Acreage Life – Fall 2008

2008

A horse-loving family uses every corner
of a new, Tuscan-style barn.

STORY AND PHOTOS BY MICHAEL RAINE


“I was training horses as well,” Trish says. “So our needs were complex and we were always at someone else’s place working with animals.”

The solution was simple, says Marv. They needed a barn. “A nice barn, and a riding paddock.” They decided the barn should be a focal point, complementing their Mediterranean-style house and displaying the riding area materials produced by Marv’s company.

Then the project expanded. The acreage has a workshop from which Marv operates his business, an excavation company that builds waterproof riding arenas. But there was no garage for cars, trucks and quads. And so the 36 x 95-foot barn that houses six horses also has a three-car garage.

It’s now an equestrian acreage, That adds a lot of value to a property in this area.

—MARV LOEWEN

To get all-season use from the barn and uncovered riding arena, the Loewens had to consider the rainy periods that come with the lower mainland’s mild climate. Under hoof in the arena is nearly a meter of dust-resistant material. Ideal for dry conditions, it also drains rainwater rapidly, ensuring the safety of horses and riders.

The girls’ 4-H club meets at the Loewens’s, and the 120 x 200-foot riding area and adjoining pasture can accommodate 35 to 50 horses during equestrian events. There are six, .16-foot-wide flanking pens with concrete pads covered by recycled rubber mats. Horses can be outdoors yet sheltered from rain or wind. Each pen opens onto a stall inside the barn. To ease horse grooming, there is a waterproof, plywood lined wash pen with a car-wash-style swivel hose overhead. A central vacuum in the barn aids in hair cleanup.

The barn has a tack room, feed and bedding bins, and a hayloft. It also boasts a washroom and laundry facilities. “Having a laundry in the tack room means that all those horse odours and hair – not to mention any soil from the girls’ gear-stays out of the house. At least mostly,” Trish says.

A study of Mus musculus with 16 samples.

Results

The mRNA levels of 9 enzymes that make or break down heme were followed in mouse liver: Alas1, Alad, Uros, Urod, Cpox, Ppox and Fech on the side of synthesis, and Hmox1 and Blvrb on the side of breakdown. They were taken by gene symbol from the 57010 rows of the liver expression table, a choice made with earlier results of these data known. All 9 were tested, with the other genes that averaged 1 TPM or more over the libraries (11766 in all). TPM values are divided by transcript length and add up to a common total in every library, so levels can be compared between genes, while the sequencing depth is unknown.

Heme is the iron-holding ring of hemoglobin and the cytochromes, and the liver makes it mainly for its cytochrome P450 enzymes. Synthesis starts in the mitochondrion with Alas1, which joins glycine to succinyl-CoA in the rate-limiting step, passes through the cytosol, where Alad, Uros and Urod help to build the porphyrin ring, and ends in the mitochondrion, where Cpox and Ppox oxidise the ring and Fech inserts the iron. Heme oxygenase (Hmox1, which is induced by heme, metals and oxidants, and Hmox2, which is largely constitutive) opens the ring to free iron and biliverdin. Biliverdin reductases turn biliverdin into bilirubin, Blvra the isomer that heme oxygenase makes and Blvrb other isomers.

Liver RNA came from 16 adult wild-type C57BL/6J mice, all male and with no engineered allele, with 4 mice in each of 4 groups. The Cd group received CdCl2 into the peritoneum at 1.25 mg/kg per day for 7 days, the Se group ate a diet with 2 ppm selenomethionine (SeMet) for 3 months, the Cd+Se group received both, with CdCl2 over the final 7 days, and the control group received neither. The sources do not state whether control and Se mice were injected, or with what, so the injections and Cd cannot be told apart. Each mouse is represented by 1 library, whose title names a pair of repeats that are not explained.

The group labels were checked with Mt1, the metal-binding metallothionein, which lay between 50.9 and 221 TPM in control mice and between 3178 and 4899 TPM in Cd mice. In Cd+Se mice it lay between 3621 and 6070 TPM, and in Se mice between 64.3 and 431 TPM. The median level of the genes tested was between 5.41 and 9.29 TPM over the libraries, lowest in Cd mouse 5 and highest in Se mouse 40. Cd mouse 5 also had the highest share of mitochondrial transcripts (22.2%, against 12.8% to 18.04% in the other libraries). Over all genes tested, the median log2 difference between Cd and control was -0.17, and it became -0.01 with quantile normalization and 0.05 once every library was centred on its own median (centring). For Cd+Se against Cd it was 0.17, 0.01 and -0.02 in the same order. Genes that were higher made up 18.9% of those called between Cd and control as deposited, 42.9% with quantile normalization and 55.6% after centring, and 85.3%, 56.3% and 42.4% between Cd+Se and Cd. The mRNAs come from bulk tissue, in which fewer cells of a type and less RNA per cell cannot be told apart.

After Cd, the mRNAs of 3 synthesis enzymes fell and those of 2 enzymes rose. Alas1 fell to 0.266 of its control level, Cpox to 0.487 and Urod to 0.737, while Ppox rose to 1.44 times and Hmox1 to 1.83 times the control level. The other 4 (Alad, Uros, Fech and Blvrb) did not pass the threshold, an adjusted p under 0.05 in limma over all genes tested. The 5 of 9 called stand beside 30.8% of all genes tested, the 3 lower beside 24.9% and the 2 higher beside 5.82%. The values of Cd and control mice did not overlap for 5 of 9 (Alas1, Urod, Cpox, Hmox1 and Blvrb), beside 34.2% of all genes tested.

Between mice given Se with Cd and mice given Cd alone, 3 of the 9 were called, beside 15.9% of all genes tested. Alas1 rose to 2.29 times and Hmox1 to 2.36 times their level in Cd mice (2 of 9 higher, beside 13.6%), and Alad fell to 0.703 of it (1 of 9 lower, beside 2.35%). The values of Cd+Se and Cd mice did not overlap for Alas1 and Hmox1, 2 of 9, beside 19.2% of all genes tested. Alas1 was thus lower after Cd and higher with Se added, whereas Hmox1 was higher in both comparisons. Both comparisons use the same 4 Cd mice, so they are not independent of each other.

The patio heater on the balcony makes it a comfy spot- even in winter- for Marv to watch the girls train their horses.

The building’s designer and architect is Ernest Neudorf of Abbotsford, B.C. (Another of his stylish barns, built for Marianne Goriuk and Nickelback singer Chad Kroeger, was featured in our Fall 2007 issue.) For the Loewens’s barn, Neudorf specified double pane, low-E Argon-filled windows to minimize winter heat losses and summer solar gain.

Another feature is recessed rubber matting on the interior’s main aisle. “There’s no step up or down,” Neudorf explains. “Good for horses and people.”


A dark trim was selected to enhance the cast concrete window mouldings, stacked cast stone features and light brown stucco. This created another challenge for Trish. “I wanted good, safe, durable gates and corral equipment. I went with Hi-Hog stuff, but it is green.

We had to strip it and have it powder coated (to match).”

One thing led to another. They wanted to use recycled material wherever possible, but the plastic fence material they found either didn’t come in a dark colour or didn’t meet equestrian strength and safety standards.


Suitable fencing is critical not only for the horses but for security. The Loewens’s acreage, like others in the area, has been subject to some thefts and unwanted foot traffic. Both have stopped, thanks to the fencing and a security system, Marv says. The barn is wired for video surveillance, and it’s more than an anti-theft strategy. “It’s useful for keeping an eye on the kids and livestock,” he says.

Having their own barn has improved the girls’ discipline and work ethic, according to their mother. “They get up at 6:30 and out to the barn to do chores. They are pretty hard-pressed to say they’re bored. Their cousin is now boarding a horse here. We have another horse about to arrive. It brings them together with our extended family. It gives us all a place to gather.”


The new barn has spurred on Loreal’s and Sherise’s passion for equestrian activities.

“We’ve got a sign planned,” says Loreal. “It’ll be great.”

Sherise chimes in, “Twin Oaks Farm. We work horses. Home to Rusty Spurs 4-H.”